It’s said that when you get married, you aren’t just marrying your spouse, but also your spouse’s family. Similarly, these days, you aren’t just buying a product or service, but also the vendor’s community.

The interest in community echoes back to the early days of online services, when people joined bulletin boards or forums to find kindred spirits trying to make their way through these new-fangled computer things. Then community progressed to Usenet, which ended up being overtaken by spammers (remember “Make Money Fast”?). At that point, the notion of community languished until major social media platforms such as Facebook and Twitter came along.

Now, while some communities are situated on those social media platforms, others live on company websites and other independent platforms.

Needless to say, a major motivation sparking the new interest in customer communities was the advent of open source software. Imagine. You could get people to write software for free and give it away! Who knew? Since then, we’ve seen all sorts of other ways in which people contribute to a community to improve a platform, ranging from apps for the iPhone and Android to “recipes” for If This Then That (IFTTT), an Internet connection and automation service.

The logical conclusion to this development is “crowdsourcing,” or using a group of people to produce an aggregation of content, such as Wikipedia. A specific example of this is “crowdfunding,” using a site such as Kickstarter to promote a new product or service by asking for money from people, who then receive some sort of reward such as early access to the product.

In a sense, even Big Data is a kind of crowdsourcing, albeit a passive one. People may not explicitly contribute personal knowledge the way they do to Wikipedia. Yet a company like Facebook or Google typically makes money through marketing the aggregation of data it collects on its users.

The potential problem with community, crowdsourcing, and so on is that it is predicated upon people’s willingness to contribute. What is it that makes them contribute? The seminal 2007 book in the field, Wikinomics, said that people contributed to “peer production communities,” as it called them, because they liked solving problems. “People who participate in peer production communities love it,” wrote Don Tapscott and Anthony Williams. “They feel passionate about their particular area of expertise and revel in creating something new or better.” Essentially, peer production works both because it can attract a more diverse talent pool of people who enjoy the experience of group contribution, they write.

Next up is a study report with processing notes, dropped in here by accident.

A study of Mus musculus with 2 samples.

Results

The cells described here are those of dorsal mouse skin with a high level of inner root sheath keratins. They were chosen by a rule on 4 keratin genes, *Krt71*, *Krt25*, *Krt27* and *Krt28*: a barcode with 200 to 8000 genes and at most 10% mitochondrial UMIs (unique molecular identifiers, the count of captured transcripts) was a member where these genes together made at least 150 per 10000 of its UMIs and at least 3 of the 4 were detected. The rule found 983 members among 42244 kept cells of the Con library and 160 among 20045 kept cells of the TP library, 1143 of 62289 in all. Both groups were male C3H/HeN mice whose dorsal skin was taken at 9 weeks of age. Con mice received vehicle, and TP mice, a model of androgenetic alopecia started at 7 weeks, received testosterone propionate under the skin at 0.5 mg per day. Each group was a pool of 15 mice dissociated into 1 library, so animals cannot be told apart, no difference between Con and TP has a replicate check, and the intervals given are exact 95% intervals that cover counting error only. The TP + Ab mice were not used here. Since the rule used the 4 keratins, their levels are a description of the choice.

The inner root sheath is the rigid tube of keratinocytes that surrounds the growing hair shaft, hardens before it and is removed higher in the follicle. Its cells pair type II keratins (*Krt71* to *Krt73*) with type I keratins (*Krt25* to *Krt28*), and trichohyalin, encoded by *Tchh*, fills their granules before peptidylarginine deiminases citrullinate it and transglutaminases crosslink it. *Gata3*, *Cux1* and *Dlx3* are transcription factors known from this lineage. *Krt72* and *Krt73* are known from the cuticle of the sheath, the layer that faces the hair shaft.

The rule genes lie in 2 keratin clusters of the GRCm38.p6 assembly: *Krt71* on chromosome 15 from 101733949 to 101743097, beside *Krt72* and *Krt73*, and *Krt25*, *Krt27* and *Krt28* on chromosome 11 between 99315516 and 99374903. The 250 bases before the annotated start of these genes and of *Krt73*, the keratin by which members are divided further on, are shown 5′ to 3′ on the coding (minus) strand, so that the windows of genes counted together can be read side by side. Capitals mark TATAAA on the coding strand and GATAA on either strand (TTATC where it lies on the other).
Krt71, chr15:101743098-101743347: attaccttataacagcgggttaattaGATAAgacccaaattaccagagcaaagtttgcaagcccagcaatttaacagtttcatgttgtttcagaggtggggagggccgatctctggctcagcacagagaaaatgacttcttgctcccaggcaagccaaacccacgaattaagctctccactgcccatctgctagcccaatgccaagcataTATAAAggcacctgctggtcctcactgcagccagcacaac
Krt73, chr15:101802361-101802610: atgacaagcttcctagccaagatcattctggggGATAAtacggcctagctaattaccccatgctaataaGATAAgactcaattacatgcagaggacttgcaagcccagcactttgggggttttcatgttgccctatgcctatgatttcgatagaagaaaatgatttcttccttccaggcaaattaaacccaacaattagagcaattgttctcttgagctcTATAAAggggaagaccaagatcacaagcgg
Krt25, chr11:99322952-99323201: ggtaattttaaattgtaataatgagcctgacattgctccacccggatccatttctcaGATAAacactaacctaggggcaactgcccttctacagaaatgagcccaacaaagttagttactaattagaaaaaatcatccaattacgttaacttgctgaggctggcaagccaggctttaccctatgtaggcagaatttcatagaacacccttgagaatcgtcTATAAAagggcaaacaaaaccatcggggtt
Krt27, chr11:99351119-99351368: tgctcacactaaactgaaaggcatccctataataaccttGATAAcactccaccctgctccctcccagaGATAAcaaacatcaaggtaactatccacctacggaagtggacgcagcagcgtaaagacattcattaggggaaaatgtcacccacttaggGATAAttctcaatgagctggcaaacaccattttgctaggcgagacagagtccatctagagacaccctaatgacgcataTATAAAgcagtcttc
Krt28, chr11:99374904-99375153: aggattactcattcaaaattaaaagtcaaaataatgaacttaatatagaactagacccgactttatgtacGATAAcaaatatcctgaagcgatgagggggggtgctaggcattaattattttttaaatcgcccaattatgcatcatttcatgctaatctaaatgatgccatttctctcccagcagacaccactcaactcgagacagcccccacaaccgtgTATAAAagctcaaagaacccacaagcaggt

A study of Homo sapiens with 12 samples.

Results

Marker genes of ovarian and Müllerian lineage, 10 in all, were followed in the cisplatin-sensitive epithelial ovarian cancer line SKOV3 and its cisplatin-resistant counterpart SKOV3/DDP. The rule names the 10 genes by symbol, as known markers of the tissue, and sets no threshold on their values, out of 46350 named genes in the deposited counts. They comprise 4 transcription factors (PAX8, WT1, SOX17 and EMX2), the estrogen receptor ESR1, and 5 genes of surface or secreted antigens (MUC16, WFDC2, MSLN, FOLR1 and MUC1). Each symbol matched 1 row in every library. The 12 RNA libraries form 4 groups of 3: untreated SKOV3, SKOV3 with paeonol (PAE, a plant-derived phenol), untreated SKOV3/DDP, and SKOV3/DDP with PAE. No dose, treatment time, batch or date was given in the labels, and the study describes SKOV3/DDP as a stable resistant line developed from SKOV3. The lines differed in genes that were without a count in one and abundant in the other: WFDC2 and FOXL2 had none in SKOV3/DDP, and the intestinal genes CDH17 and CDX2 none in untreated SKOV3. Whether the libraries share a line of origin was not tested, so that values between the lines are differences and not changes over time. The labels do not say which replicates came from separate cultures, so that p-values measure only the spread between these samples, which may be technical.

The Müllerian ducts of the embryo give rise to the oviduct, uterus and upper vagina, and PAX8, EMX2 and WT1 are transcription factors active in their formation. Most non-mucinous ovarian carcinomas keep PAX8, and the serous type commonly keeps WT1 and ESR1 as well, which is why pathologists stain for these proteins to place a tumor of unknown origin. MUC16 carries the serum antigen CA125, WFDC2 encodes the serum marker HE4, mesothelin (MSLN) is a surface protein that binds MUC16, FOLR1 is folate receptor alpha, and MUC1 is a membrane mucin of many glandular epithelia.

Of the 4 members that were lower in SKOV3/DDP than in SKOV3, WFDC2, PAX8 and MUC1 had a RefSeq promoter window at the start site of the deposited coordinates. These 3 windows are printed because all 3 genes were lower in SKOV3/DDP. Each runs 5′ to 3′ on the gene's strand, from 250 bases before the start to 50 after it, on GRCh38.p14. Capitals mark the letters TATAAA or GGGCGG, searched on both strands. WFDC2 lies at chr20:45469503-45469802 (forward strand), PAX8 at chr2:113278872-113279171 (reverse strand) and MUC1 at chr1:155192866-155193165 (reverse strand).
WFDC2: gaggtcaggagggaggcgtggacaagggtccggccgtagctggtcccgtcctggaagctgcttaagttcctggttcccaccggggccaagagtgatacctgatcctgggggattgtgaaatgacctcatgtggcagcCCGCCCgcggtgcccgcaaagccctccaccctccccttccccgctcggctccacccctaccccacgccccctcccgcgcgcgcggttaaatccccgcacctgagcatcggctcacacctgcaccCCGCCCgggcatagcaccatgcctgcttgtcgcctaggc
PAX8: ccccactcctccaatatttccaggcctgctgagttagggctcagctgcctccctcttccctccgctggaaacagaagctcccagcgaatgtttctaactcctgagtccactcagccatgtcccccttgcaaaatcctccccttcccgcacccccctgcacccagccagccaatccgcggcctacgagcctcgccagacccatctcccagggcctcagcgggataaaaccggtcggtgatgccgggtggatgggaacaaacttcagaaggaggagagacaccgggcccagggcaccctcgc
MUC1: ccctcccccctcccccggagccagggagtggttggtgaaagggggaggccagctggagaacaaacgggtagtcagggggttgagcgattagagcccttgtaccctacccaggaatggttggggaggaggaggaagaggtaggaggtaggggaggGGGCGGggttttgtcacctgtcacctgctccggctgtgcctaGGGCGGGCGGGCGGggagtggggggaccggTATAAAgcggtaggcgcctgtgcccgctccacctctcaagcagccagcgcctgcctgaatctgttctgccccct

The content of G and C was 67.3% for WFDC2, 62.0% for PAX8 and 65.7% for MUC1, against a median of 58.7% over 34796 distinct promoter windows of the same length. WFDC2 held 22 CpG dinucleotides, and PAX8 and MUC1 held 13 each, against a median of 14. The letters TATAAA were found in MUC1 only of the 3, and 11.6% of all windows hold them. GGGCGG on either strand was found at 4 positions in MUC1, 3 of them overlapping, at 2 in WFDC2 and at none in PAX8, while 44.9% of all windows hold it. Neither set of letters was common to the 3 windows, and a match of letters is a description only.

“Crowds, research shows, are energized by intrinsic motivations—such as the desire to learn—that are more likely to come into play when people decide for themselves what problems to attack,” confirm Kevin J. Boudreau and Karim R. Lakhani more recently in the Harvard Business Review. Creating and managing a community can end up requiring just as much effort as doing the work in-house, they warn.  

The way to build and keep community, therefore, is to find a way to give those contributors the warm fuzzies that they’re looking for, like Tom Sawyer convincing his friends how much fun it was to whitewash the fence. However, it’s also important to continue making sure people get their satisfaction. And that’s where, in some cases, community is running into problems.

In the case of Wikipedia, for example, the number of volunteer editors is dropping because, as the system grew, it attracted scammers and marketers. Attempts to control those people ended up making it more difficult for the average person to contribute to Wikipedia, and they’re giving up. Similarly, the online discussion site reddit just discovered that moderators of the technology community were automatically censoring posts that included certain words, such as “Anonymous,” “bitcoin,” and “NSA,” because they didn’t want to have to deal with all the traffic and moderating work that discussions of those subjects could entail. It remains to be seen how that incident will affect reddit.

On the crowdfunding side, there’s the case of Oculus, a company funded by Kickstarter to the tune of more than $2 million that then was sold to Facebook for $2 billion. While the people who invested in the company got everything they were promised, and nothing was ever said about giving them a share should the Oculus strike it rich, the sale is giving some investors pause—which could end up undermining Kickstarter and the crowdfunding model itself, writes David Prosser in Forbes.

There’s also the concern that collecting a group of eager amateurs—as with the sharing economy—ends up reducing the income that professionals ranging from photographers to architects can earn, and perhaps causing increased risk as well. Other mistakes include trying to control the community too tightly, and not appreciating contributors enough, writes Esther Schindler in a 2008 CIO article that’s still relevant today.

Nurturing a community, then, is not unlike nurturing a garden (an appropriate metaphor for this time of year). You need to invest time and maintenance into it while it grows and becomes firmly rooted. And while you can harvest from it then, it’s important to do so judiciously—or you might find yourself needing to start over.


Simplicity 2.0 is where we examine the intricate and transitory world of technology—through a Laserfiche lens. By keeping an eye on larger trends, we aim to make software that’s relevant to modern day workers, rather than build technology for technology’s sake.

Subscribe to Simplicity 2.0 and follow us on Twitter. If what we’re saying piques your interest, head over to Laserfiche.com where you’ll see how we apply the lessons learned on Simplicity 2.0 to our own processes, products and industry.